It takes a lot to get me out of the house these days, and even more to get me into a bar full of strangers. Covid restrictions have made me used to staying at home, cosying up on the couch, binge-watching Netflix, and making do with what’s in the fridge and pantry. I’ve stocked up on craft beers and ciders – so there’s no shortage of those in the house.
But when the invitation came along to go on a Small Bar Tour, hosted by hospitality group Oh Hey WA, I figured, what the heck, I can pause the Netflix for a bit, and maybe it’ll do me good to get out into the real world again.
Oh Hey WA have been operating since 2014, doing a great job at showing locals and visitors to our great city some of the more interesting parts of Perth. Their knowledgeable guides take small groups through alleyways and intimate venues that we might otherwise miss or not even know existed if we weren’t being led in the right direction.
We met up with our tour guide, Jess, at the digital tower in Yagan Square. In case you’re wondering, that’s the cylindrical structure that has metal poles jutting out of the top, with videos running around it 24/7.
Jess is a true enthusiast in the Perth arts and bar scenes, and she’s a joy to meet. You feel as though she has been a pen-pal of yours for ages and that she’s just been dying to introduce you to her hometown and show you its best secret hiding spots.
Immediately we are given an art lesson: the meaning behind the digital tower and how it pays tribute to the swamp land that used to be here and to its traditional custodians, the Whadjuk Noongar people.
Jess is also clued up about the newer installations that now grace the land, such as the ‘green cactus’ in Forrest Place. Where I was once told the sculptor who created this vivid sculpture was paid a hefty 10 million – with much of it funding a decadent ex-pat lifestyle in New York, Jess clarified things by telling me Perth-born artist James Angus is actually a pretty humble dude and that he was paid 1 million (still, that’ll get you window seats in a decent NYC restaurant). Incidentally, the ‘cactus’ piece is actually called ‘Grow Your Own’ and it has its connotations in medical technology more than evergreen plants – it’s actually supposed to represent the wavy lines you see on hospital heart monitors. But I digress…
After meandering down a couple of alleyways, which admittedly could do with a bit of a makeover from our government, we ended up at our first small bar: Alfred’s Pizzeria.
Looking more like an underground speakeasy than a pizza bar, Alfred’s is plastered wall to wall with pop culture memorabilia. It’s not a difficult type of décor to create, in fact you might say some of it is on the tacky side – literally, considering the ‘wallpaper’ is just old Rolling Stone magazine pages cut up and pasted all the over the place.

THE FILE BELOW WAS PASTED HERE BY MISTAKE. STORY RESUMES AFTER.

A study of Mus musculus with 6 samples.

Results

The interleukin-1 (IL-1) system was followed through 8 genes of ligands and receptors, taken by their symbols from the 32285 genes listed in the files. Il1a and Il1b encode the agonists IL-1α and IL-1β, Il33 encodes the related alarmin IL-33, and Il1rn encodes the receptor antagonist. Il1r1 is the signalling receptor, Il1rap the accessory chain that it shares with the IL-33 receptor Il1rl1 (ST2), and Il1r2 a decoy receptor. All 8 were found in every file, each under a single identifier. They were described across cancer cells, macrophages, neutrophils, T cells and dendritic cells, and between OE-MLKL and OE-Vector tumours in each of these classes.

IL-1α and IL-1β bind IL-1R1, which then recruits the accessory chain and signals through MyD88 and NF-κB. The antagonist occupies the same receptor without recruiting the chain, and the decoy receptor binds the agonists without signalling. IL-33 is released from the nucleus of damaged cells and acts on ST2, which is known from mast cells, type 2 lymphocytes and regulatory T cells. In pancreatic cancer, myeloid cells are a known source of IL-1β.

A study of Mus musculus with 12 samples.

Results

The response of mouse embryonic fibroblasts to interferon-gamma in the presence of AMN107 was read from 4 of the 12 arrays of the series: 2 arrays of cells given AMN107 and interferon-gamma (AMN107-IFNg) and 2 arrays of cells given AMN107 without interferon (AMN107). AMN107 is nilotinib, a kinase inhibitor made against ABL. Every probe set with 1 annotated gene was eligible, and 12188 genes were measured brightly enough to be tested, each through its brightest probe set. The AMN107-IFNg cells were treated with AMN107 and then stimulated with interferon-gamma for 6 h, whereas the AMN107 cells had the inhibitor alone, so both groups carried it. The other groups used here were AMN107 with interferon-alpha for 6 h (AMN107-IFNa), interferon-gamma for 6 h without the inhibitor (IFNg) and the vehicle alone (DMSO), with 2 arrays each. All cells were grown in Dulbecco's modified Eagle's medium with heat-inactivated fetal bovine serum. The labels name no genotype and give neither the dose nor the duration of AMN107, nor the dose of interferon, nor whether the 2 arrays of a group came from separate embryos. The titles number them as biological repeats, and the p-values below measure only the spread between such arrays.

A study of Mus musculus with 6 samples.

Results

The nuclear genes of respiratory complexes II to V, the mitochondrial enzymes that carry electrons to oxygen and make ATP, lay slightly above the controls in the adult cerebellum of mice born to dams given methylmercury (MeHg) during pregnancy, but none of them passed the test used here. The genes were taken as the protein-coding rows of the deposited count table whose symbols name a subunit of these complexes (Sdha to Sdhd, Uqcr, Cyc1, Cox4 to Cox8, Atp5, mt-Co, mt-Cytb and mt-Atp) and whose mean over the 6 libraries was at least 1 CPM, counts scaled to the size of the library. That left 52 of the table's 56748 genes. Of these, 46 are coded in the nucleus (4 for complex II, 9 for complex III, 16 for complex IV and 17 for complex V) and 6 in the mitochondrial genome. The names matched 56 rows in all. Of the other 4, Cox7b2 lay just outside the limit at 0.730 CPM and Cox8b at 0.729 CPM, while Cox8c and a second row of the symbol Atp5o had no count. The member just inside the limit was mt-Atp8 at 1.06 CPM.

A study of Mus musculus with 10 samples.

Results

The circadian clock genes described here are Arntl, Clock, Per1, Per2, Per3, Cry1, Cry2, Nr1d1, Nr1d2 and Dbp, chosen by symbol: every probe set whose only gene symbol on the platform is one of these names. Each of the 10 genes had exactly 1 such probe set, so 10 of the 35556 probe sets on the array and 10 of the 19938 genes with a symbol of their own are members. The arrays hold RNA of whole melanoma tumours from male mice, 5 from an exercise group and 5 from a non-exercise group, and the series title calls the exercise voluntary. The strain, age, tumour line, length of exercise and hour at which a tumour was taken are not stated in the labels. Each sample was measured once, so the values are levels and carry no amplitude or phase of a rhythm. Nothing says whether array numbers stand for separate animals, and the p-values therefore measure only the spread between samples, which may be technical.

The great thing about Alfred’s is the actual pizza. Simply delicious, and if you’re on an Oh Hey WA tour, you’re a great discount deal to use at Alfred’s: get a boutique beer or cider of your choice plus two slices of pizza for just ten bucks. You find a deal like that anywhere else.
Next, it was down Hay Street towards the mall, where more fab history is offered, about the performance artists who used to frequent these quarters and the architecture that hugs one of Perth’s most popular streets. While a lot of inner-city architecture exists in the CBD, our government has been clever enough to at least keep the facades of much of the old buildings. Hence if you look up while walking down this end of Hay, you’ll notice some spectacular art deco design, including the old Savoy Hotel, Devon House and the Harper’s Buildings.
Our host Jess is not only proud of local artists, but respectful of the many international artists who have helped decorate our city. She’ll inform you who painted what on what wall, when and why.
Meandering our way down mural-lined alleyways, we pop in for a bit to classic bar Wolf Lane, situated (naturally) in Wolf Lane. I always like this place – its something about the ramshackle aspect of it, teamed with plenty of nods to classic literature by the likes of Lewis Carroll and the Brothers Grimm. Heck, there’s even a giant mural out the front of the venue of a kid dressed in big bad wolf cosplay and a little red riding hood. More cocktail specials on offer here, my partner and I opting for a Dark & Stormy each at $12 a pop.
Our final bar stop is the splendid new Volstead Lounge. The venue takes its name from Andrew Volstead – the dude responsible for penning the legislation behind the infamous National Prohibition Act of 1920. A giant portrait of Volstead is emblazoned on the front door and you can only the door if you pick the right book as a lever (very ‘escape room’ except you’re wanting to get in).
This place is beautifully designed and the drinks menu is very spesh. We ended our tour with a hemp-infused gin cocktail, and a chat with the owner of Oh Hey WA tours, Adie Chapman, who herself is very much a small bar enthusiast.
Even in the current pandemic period – when you’d expect drinking and dining to have dropped off the average Joe’s calendar – tours such as those hosted by Oh Hey WA are proving hugely popular, both with locals and tourists.
It might well be the excellent value for money these tours provide patrons that makes them so highly favoured. Put it this way (and to get the money thing out of the way), the price of a Small Bars Tour is $45 and includes stops in at least three venues, each offering great discounts. The drinks alone on this tour would cost you around 80 bucks on a normal night out on the town but here you get to drink, eat, be informed (thanks again, Jess), and be very merry.
For more information on Oh Hey WA’s tours including the Small Bar Tour, visit ohheywa.com.au.